Final Days?

The Last Economic Superpower:
The Retreat of Globalization, The End of American Dominance,
and What We Can Do About It

Joseph P. Quinlan (McGraw-Hill, 2010)

To attempt to explain the current global financial situation in 250 pages would be an impossible feat. There are just far too many factors, each requiring a thousand pages of cross-referenced footnotes. Yet in The Last Economic Superpower: The Retreat of Globalization, The End of American Dominance, And What We Can Do About It, author Joseph P. Quinlan not only gives it a shot, but also throws in a history of how we came to be where we are now, and how to ride out the waves into the future.

The sheer magnitude of material and knowledge needed to aptly encompass all this, would require a year-long college course at least, so it should come as no surprise that Quinlan’s account comes often across as rudimentary at best, and seemingly naive at worst.

But I’m sure he knew when he undertook the monumental task, that result would be inevitable to a certain degree. The reader must understand at the onset that the author (if for no other reasons than to satisfy his publisher and save a few forests) had to do a lot of skimming and generalizing in order to make his ultimate point in a reasonable amount of space.

So with that grain of salt taken, does Quinlan manage to encapsulate the general concept of the world’s financial state? Mostly. It’s a valiant effort and he is academically and professionally qualified to assert his opinions. He teaches at New York and Fordham Universities, and is Managing Director for US Trust, Bank of America Private Wealth Management.

However, I’m not so certain that such credits, or any credits, qualify an individual to accurately predict the financial future. Not just Quinlan, but the term “financial forecaster” seems almost oxymoronic in that those who know capitalism and economics inside out are often plagued with tunnel vision so myopic that they are unable to fathom the human aspects that constantly throw wrenches into their logical machines. 

Not just human compassion, but the other end of the spectrum as well: human greed and manipulation of any processes that are enacted. A healthy dose of chaos theory needs to be calculated into the mix before any conclusions can be reasonably arrived at. Not only do unpredictable human elements need to be predicted, but human needs, other than money, need to be taken into consideration as well.

If one tackles the issue from the perspective that America cannot be a successful nation without dominating the world, and that the very word “success” is considered synonymous with monetary wealth and dominance, then your results can not be anything other than skewed. That myth of Western thinking is a hindrance rather than a help to the personal happiness of its citizens, at least when looking forward. With all that in mind, if a couple of centuries of professional economic forecasting has led us to the fragile state of today, then why would we place any credence in the advice of contemporary prognosticators and strategists?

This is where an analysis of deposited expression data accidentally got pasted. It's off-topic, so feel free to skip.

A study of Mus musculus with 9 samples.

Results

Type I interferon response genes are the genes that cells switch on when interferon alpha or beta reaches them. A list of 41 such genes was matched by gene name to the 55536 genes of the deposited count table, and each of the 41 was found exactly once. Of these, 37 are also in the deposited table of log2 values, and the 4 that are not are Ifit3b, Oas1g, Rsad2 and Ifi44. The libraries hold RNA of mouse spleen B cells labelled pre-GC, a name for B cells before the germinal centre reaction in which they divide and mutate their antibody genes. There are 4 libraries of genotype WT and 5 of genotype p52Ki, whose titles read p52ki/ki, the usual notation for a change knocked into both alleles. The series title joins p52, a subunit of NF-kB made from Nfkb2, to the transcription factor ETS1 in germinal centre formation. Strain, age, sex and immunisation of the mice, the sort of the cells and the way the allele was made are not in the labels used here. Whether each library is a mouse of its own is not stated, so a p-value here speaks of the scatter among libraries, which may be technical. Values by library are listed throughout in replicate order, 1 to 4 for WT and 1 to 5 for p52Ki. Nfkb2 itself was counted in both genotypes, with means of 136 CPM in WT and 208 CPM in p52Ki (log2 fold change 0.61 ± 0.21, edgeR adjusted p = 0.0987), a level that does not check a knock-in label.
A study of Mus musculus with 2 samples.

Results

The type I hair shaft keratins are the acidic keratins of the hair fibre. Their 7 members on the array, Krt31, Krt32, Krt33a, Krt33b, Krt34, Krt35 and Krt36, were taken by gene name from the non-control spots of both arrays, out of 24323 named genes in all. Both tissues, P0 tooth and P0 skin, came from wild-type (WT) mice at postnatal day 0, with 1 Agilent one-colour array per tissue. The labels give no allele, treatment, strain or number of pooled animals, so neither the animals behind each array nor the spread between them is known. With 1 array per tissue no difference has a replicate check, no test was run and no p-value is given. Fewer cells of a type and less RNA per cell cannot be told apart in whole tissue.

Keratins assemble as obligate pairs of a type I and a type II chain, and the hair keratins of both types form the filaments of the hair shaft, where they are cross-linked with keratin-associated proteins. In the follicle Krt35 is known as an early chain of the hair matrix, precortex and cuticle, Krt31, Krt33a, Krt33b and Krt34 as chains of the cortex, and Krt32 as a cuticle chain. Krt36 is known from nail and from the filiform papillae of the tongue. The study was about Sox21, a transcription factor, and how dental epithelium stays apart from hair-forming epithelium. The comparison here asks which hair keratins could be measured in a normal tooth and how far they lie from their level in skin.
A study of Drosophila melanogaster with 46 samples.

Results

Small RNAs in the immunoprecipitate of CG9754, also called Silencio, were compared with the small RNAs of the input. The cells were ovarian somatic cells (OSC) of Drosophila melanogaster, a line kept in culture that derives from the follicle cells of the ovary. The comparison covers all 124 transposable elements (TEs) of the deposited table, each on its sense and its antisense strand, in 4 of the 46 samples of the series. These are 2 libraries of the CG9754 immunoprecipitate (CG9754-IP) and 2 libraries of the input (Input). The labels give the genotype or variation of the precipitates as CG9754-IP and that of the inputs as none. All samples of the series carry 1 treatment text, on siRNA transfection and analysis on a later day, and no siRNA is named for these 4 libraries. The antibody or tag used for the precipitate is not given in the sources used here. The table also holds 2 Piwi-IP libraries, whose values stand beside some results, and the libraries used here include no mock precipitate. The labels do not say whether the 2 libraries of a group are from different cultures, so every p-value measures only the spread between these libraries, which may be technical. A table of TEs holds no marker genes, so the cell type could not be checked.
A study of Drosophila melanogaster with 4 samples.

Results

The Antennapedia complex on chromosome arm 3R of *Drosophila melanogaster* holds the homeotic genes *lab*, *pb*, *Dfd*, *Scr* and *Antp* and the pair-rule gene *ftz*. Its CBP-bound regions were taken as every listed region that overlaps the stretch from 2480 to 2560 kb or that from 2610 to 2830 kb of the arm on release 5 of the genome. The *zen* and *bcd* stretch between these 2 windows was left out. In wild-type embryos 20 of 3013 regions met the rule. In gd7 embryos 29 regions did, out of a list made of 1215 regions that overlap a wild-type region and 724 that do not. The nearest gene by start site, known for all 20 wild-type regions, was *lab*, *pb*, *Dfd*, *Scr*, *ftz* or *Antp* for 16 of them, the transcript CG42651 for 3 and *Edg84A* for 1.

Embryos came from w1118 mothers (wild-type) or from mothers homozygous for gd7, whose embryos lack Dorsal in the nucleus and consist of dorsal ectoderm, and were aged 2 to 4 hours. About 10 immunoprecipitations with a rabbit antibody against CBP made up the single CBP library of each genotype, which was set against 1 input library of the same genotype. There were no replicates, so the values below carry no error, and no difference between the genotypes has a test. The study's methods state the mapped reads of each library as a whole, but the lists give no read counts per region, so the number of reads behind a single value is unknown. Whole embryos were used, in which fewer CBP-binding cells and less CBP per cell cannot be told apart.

But I digress. Given all that, including my own aversions and suspicions, The Last Economic Superpower does manage to be an interesting and informative read, offering insight, at least, into how we arrived at our current place economic situation, domestically and throughout the continents.

Quinlan talks about the “golden era” of the fifties and sixties when Detroit was the envy of the world, before OPEC flexed its substantial muscle. The rise of European and Asian countries since then, up to today’s perceived threat from China and India, are all circumstances that have left America in a very unfamiliar and tenuous position. He also wisely looks south toward Venezuela and the rising concerns from that direction as well. All of this is true, of course, but any plans that are embarked upon to negate these threats simply cannot come to fruition. Not in the twenty-first century. The rules have simply changed.

The suggestion by Quinlan that America, and everyone else, strives instead for cooperation for the global good, is likely the best that can be done – but with the assumption that everyone else will be planning a cut-throat self-interest maneuver while smiling and shaking your hand. Such is the nature of capitalism. Such is the nature of man.

If it isn’t too fatalistic, I would suggest America comes to terms with the fact that it is no longer king of the castle. It’s someone else’s turn to lead the parade now. China, India and Venezuela will not be bullied back into the shadows now that they have had a moment in the sun. America’s challenge is not how to keep them down, but how to work with them as the power structure shifts. The prudent way for America to seek the most economically (and politically) stable future for its citizens is to move with the shift, rather than push against it, and that will require an entirely new mindset. Whether or not that is possible remains to be seen, and it will certainly involve some severe growing pains, but once it’s understood that no alternate plan is feasible, maybe it is possible.

I must admit I was surprised and impressed that Quinlan argued in favour of being reasonable and accepting of change for a brighter future. He also lays out his book in a concise, fluent and organized fashion, making it easier for the reader to comprehend the enormity and complexity of the issues and challenges he discusses.

I don’t think I would go as far as calling The Last Economic Superpower a must read, but it is a well thought-out and interesting look into our recent past, present, and near future from an economic perspective. And that makes it a worthwhile read.